Oil prices fell on May 18 on signs that the market remained well supplied with crude despite efforts by OPEC and other big exporters to curb production and support prices.
Signs of a deepening political crisis in Washington accelerated the decline in prices with investors becoming increasingly cautious following the latest reports of links between Russia and the team in the White House.
Brent crude fell $1.10 per barrel (bbl) to a low of $51.11/bbl but recovered ground to trade around $51.61/bbl, down 60 cents, by 1300 GMT. U.S. crude oil lost $1.02 to reach a low of $48.05/bbl; it was last trading 55 cents per barrel lower at $48.52/bbl.
Traders said news that the campaign to elect President Donald Trump last year had at least 18 undisclosed contacts with Russians had unsettled investors.
“This is a general risk-off move,” Ole Hansen, head of commodities strategy at Denmark’s Saxo Bank, told Reuters Global Oil Forum. “Sentiment is fragile, so it does not take much to rock the boat even further.”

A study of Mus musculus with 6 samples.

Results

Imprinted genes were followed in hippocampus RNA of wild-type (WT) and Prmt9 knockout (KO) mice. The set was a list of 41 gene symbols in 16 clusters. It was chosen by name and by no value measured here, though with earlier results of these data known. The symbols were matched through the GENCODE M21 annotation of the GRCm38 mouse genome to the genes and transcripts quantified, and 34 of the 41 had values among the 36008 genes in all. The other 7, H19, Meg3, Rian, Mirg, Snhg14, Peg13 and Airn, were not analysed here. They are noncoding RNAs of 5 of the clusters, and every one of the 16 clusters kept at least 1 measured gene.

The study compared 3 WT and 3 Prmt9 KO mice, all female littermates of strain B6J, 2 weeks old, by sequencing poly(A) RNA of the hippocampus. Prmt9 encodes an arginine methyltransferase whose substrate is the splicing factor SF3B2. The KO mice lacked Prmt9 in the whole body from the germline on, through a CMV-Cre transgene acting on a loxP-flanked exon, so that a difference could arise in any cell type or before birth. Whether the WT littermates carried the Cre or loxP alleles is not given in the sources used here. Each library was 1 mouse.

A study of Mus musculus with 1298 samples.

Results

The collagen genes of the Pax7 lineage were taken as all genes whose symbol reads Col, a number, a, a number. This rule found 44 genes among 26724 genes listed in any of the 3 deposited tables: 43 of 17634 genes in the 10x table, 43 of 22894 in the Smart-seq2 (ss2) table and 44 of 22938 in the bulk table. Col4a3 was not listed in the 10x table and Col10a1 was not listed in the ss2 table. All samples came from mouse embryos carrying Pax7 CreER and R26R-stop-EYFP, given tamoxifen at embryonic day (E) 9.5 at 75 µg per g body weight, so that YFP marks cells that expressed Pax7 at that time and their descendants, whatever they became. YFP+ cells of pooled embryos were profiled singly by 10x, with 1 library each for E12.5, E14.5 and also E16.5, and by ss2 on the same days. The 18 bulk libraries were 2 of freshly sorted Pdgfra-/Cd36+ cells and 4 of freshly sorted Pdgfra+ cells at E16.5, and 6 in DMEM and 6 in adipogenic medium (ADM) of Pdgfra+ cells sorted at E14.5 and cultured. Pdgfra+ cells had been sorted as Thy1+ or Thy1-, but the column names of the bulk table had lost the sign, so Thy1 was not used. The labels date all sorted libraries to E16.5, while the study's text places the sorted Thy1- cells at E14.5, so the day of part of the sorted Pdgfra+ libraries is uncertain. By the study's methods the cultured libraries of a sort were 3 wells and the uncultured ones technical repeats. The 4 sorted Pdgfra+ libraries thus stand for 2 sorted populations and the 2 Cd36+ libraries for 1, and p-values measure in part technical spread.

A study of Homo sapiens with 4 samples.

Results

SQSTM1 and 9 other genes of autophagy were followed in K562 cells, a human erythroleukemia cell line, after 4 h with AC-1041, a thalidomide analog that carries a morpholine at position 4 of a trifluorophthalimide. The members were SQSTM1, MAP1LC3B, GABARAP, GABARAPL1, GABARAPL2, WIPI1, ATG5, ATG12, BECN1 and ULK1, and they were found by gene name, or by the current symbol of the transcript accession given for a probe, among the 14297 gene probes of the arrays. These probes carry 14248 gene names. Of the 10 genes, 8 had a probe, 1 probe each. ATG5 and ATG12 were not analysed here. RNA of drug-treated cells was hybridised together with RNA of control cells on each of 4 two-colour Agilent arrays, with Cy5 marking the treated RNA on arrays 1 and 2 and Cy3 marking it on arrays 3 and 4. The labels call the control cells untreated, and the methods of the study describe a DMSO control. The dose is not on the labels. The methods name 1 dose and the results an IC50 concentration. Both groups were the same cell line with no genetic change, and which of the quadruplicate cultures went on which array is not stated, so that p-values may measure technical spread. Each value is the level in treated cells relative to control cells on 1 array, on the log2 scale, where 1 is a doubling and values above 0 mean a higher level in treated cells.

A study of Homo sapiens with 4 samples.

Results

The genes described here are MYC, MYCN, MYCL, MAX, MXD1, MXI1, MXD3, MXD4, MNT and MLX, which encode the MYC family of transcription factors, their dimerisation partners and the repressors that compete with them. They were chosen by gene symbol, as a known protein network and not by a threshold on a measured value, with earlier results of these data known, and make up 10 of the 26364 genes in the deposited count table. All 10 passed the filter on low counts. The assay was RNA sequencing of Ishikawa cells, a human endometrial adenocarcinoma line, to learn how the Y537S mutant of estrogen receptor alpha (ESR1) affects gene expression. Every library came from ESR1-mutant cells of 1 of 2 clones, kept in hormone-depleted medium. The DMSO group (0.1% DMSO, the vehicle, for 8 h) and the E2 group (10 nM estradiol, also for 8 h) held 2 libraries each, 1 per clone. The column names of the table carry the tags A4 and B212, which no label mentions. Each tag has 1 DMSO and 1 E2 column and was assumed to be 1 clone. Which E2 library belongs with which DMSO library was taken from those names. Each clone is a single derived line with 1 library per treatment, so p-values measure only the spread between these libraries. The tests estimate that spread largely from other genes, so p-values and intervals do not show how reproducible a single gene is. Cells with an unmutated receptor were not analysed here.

Both crude oil benchmarks rose on May 18 after news of a drawdown in U.S. crude inventories and a dip in U.S. output. The U.S. Energy Information Administration said inventories fell 1.8 MMbbl in the week to May 12 to 520.8 MMbbl.
But the U.S. crude drawdown was smaller than expected and the oil market remained extremely well supplied, analysts said.
A surplus of U.S. supply has led to large volumes of crude being exported from the U.S. to northern Asia, undermining the OPEC-led efforts to tighten the market.
OPEC and other producers including Russia pledged to cut output by almost 1.8 MMbbl/d in the first half of 2016, a deal likely to be extended until the end of March 2018.
Other producers have been quick to fill any supply gaps.
Shipping data in Thomson Reuters Eikon shows that U.S. crude exports to Asia have soared from a handful of tankers per quarter throughout 2015 and 2016 to 10 tankers in the first quarter of 2017, and that figure is expected to rise.
OPEC ministers meet in Vienna on May 25 to decide production policy for the next six months and are expected to prolong their agreement to limit production, perhaps by up to nine months.
UBS oil analyst Giovanni Staunovo said he saw a 60% probability of OPEC extending output cuts. That should help tighten the oil market and push up prices as demand rises gradually this year, he said.